The semi-autonomous Kurdistan Regional Government (KRG) has blasted the signing of a development agreement for the disputed Kirkuk oil field between Baghdad and UK oil major BP and has again threatened to cut off the region’s oil exports.

“Neither Iraq’s federal Oil Ministry nor state-owned oil companies have the right to unilaterally award contracts to develop currently producing fields in Kirkuk province or in other adjacent areas”, the KRG’s  Ministry of Natural Resources said in 26 March statement.

The KRG cites Article 112 of the Iraqi constitution, signed in 2005 which states that “federal government and the regional and producing governorates shall together manage the present producing oil fields.”

The comments follow reports that the state-owned North Oil Company had signed a preliminary agreement with BP to increase production at the Kirkuk field to 580,000 barrels a day (b/d) from about 280,000 b/d currently.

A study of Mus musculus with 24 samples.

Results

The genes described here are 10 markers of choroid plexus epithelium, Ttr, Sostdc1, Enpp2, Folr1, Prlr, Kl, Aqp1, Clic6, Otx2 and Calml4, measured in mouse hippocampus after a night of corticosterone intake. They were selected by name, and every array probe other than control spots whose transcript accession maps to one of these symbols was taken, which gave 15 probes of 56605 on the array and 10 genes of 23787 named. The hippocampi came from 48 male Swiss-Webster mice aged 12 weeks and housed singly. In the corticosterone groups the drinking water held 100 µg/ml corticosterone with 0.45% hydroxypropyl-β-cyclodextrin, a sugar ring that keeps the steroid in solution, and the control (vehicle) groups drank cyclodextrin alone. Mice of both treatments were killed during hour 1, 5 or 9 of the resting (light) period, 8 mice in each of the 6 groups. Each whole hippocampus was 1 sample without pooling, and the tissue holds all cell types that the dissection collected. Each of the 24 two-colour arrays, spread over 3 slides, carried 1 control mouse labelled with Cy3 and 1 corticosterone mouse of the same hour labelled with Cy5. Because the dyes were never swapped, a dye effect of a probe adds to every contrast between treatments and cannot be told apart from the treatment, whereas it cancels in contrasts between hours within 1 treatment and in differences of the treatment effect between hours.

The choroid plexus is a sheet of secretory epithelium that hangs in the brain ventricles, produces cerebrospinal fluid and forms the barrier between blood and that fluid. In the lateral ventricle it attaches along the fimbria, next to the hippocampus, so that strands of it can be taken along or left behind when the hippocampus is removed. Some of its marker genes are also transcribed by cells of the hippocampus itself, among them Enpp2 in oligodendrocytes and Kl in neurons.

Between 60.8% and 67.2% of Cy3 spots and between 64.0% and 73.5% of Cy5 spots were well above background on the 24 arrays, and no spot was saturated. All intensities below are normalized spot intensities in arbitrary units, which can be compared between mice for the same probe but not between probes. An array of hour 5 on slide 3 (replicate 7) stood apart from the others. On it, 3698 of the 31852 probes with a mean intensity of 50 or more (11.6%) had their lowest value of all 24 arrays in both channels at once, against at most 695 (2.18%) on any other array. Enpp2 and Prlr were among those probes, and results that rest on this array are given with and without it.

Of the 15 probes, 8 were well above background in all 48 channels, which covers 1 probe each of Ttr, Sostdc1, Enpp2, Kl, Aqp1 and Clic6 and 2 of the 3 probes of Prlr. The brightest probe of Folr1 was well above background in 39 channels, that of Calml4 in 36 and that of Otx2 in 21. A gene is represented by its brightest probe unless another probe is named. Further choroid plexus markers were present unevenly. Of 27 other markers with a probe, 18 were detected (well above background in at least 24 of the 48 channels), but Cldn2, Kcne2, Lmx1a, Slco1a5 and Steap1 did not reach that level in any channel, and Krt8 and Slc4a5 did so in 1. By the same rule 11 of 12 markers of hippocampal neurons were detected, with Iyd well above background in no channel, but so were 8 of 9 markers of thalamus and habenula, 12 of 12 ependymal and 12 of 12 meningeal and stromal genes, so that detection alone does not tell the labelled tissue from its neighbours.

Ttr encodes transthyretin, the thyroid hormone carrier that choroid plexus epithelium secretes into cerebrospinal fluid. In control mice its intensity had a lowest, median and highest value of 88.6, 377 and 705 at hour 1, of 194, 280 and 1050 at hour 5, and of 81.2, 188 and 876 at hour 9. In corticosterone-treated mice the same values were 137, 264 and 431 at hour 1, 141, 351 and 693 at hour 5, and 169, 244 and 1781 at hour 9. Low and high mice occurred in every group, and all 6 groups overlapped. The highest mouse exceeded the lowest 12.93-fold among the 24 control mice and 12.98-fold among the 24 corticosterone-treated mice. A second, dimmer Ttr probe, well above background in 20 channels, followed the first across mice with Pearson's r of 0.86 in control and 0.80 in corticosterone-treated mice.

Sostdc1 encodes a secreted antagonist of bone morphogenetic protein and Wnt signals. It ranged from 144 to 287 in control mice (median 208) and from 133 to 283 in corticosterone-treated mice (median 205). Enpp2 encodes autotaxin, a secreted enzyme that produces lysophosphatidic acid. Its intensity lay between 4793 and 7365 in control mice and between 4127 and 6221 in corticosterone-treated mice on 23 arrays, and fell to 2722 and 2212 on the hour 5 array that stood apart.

While the KRG “welcomes the experience and technical expertise that international oil companies can bring”, it has not been consulted on the matter.

The Kirkuk field is not the only matter of dispute between the federal and regional governments. The KRG released a second statement on 26 March saying it has reduced its oil exports to 50,000 b/d from an estimated 90,000 b/d. It also threatened to terminate exports within a month if Baghdad continues to withhold payment from the producing companies.

According to the 2012 budget, the KRG is required to export 175,000 b/d. Baghdad agreed in early-2011 to pay the KRG 50 per cent of the region’s export revenues to pay their contractors. So far, only two payments, totalling $514m have been made. The last was received May 2011 and the KRG now says it is owed close to $1.5bn.